07 July 2016


Today, I'm in Napier, a bustling port town of about 60,000 at the juncture of Hawke's Bay with the Pacific Ocean.  This part of the country has some of the fairest weather, so the port is quite busy, exporting wool, fruit, wine and wood products.  I've driven by lots of orchards, most of which are dormant for the winter, but I've seen trees full of mandarins in between the apple and pear farms. 

In 1931, Napier was at the epicenter of the country's largest earthquake, which measured 7.9 on the Richter scale, and leveled the town.  What few buildings didn't fall down ended up burning down in the fires that consumed the downtown after the hundreds of aftershocks.  The town was determined to rebuild, and owing to the timeline, much of the city was rebuilt in the Art Deco style of architecture, much of which remains intact.  After 50 years, though, some of the older buildings started to be torn down and replaced, and some local community members deduced that if they didn't do something, the city's unique architecture would eventually disappear.

A preservation trust was set up, and now the town has the second largest collection of Art Deco buildings in the world, behind South Beach in Miami.  I had arranged for a bus tour of the sights outside of the central district, and was surprised to be the only guest on the tour, so Yvonne, a native of the town whose parents both (obviously) survived the earthquake, drove me around and explained how the landscape was altered so dramatically after the earthquake shoved up the land along the coast by at least 6 feet, reclaiming hundreds of acres of land in just a few seconds.

My favorite part of the tour was going out to the suburbs where pre-quake wooden housing (survived because wood sways well during quakes) is mixed with the classic 1930s and 1940s Art Deco style of houses, of which there are many different types, including California Mission, the austere unornamented International style, and some Art Nouveau samples as well.  I also watched an interesting movie at the Art Deco center, with quite a bit of archival footage from the town from just before the earthquake.

After the tour, I drove south along the coast into the fruit-growing regions, and headed to Elephant Hill winery, a relatively new vintner and did a tasting of their white wines, which were all nice, but on the dryer side.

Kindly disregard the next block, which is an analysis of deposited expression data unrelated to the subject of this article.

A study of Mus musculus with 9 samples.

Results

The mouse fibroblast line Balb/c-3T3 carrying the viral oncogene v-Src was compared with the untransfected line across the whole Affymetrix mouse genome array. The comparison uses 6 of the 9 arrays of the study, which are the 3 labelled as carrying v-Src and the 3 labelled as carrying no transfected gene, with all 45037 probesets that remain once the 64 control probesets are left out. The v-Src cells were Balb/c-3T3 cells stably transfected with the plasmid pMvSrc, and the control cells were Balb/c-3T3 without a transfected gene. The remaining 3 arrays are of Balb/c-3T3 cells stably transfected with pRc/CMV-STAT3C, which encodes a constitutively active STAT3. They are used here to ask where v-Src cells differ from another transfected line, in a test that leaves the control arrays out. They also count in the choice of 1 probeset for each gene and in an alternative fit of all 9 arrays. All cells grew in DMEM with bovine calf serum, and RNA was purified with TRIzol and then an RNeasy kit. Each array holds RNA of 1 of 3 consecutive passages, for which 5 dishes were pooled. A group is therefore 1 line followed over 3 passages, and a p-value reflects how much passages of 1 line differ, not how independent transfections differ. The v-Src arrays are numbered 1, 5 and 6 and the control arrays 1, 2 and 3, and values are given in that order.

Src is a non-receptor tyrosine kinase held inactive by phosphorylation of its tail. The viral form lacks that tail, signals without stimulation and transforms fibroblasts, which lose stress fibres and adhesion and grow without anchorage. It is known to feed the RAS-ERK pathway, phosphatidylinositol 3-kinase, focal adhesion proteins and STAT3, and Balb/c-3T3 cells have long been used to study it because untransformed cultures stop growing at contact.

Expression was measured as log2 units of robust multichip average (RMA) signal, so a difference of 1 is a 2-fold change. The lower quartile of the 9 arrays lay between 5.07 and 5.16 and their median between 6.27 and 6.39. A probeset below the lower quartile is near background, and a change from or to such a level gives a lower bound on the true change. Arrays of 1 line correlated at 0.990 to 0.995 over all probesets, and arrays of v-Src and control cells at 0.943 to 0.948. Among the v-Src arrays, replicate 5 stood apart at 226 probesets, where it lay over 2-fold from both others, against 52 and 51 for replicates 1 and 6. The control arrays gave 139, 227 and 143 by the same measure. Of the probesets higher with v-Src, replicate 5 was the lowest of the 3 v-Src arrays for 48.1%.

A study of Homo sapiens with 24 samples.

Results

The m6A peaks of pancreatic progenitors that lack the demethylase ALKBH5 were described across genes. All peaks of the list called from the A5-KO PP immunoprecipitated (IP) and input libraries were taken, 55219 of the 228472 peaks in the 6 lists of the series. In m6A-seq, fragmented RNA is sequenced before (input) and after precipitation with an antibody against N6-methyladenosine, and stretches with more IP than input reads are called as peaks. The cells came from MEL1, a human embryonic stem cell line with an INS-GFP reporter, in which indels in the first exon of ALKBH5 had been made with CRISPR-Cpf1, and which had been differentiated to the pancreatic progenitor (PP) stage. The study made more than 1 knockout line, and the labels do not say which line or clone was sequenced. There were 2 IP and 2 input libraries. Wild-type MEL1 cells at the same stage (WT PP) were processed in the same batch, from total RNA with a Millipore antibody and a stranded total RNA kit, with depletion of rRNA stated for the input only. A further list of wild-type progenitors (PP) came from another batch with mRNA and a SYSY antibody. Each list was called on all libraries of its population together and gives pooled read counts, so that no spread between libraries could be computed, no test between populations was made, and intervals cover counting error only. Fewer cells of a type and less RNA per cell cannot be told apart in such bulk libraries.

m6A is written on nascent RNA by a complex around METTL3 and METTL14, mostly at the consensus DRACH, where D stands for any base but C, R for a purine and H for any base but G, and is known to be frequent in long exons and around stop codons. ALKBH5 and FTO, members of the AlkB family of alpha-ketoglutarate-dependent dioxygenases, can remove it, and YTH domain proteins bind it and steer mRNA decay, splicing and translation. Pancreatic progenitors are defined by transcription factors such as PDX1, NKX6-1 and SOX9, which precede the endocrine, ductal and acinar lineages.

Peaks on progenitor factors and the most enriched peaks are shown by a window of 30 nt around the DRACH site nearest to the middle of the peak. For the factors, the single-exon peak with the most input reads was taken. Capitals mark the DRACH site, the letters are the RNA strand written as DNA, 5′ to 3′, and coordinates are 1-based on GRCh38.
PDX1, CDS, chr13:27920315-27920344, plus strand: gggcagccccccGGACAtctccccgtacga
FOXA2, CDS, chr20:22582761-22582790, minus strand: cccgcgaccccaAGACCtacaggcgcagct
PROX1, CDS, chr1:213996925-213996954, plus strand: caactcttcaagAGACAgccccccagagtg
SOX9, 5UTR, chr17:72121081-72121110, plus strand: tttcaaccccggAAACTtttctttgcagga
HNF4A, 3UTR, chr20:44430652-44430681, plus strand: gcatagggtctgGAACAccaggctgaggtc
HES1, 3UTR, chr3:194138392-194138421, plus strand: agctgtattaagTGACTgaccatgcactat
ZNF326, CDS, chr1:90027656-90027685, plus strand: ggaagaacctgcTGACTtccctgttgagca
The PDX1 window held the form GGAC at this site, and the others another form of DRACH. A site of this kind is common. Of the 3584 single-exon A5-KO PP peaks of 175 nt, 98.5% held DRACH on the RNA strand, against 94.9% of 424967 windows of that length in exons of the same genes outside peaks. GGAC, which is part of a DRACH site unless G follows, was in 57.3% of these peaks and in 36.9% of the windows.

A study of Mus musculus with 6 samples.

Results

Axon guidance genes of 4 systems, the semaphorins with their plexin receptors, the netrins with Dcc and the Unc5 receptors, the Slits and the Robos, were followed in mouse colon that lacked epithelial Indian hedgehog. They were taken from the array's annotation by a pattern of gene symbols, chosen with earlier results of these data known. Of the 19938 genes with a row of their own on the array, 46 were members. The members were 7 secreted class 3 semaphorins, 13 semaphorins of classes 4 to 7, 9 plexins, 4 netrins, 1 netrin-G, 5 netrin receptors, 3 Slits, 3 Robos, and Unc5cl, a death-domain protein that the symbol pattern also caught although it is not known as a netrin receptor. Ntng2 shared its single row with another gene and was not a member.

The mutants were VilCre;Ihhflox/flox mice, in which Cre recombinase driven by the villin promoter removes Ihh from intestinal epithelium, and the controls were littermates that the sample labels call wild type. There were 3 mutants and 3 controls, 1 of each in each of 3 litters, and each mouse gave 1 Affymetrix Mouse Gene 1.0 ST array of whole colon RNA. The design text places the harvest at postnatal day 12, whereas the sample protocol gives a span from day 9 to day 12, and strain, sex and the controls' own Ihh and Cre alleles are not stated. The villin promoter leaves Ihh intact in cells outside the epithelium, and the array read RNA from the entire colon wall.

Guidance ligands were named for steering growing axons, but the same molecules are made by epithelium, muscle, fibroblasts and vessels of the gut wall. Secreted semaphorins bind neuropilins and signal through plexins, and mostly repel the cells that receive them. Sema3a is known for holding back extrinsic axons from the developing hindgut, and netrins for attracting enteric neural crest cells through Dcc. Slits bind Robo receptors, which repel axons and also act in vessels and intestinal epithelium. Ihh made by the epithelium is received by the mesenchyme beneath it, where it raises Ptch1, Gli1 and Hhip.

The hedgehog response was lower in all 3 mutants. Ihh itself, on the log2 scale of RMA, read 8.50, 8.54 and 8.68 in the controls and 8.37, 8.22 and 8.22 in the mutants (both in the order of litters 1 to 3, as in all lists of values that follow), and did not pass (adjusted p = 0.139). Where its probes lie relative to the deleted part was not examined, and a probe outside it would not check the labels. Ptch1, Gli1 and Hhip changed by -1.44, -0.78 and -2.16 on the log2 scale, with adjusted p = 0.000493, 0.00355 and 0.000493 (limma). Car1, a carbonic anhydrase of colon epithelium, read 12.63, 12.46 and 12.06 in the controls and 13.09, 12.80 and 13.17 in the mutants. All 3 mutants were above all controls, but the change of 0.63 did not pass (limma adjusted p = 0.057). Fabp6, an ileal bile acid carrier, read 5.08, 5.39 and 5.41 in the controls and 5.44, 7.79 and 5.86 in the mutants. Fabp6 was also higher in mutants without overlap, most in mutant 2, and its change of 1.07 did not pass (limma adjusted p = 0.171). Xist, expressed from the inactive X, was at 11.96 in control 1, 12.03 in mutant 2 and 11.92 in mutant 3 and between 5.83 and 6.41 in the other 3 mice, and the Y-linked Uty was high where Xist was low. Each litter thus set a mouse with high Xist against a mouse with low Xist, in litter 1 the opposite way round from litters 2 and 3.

The clouds continued to build, and it began to get a bit blustery, but it still managed to make it to nearly 60 degrees.  I returned to town and did the first of two walks around town to see and read about some of the buildings and learn about the different styles of architecture presented here.  This walk concentrated on the buildings right along the coastal road, called Marine Parade, lined with pre-quake stately Norfolk Pines that held steady during the quake.  Only a couple buildings incorporated local Maori motifs in the building, but the rest would have fit in perfectly with The Great Gatsby.

Yvonne told me there was a nice pub around the corner from the hotel and that I might get a free drink if I went this evening.  I popped 'round to the Union, and ordered a draft cider, and the bartender asked if I wanted 'evens' or 'odds', and I selected 'evens'.  He spun a large wooden wheel, which landed on 16, which meant my drink was free!  The crowd was hardscrabble and all knew each other.  I kept seeing people disappear down the hallway and kept hearing money clinking, so I wandered back to find a few "charity" slot machines.  10 minutes later, I walked away with about $10 in coins, making the trip around the corner well worth my time.

Tomorrow, I'll take the other walking tour around the oldest core of town before I hit the road for my five hour drive back to Auckland.  I'm trying to figure out if there's a casino en route with the luck I'm having.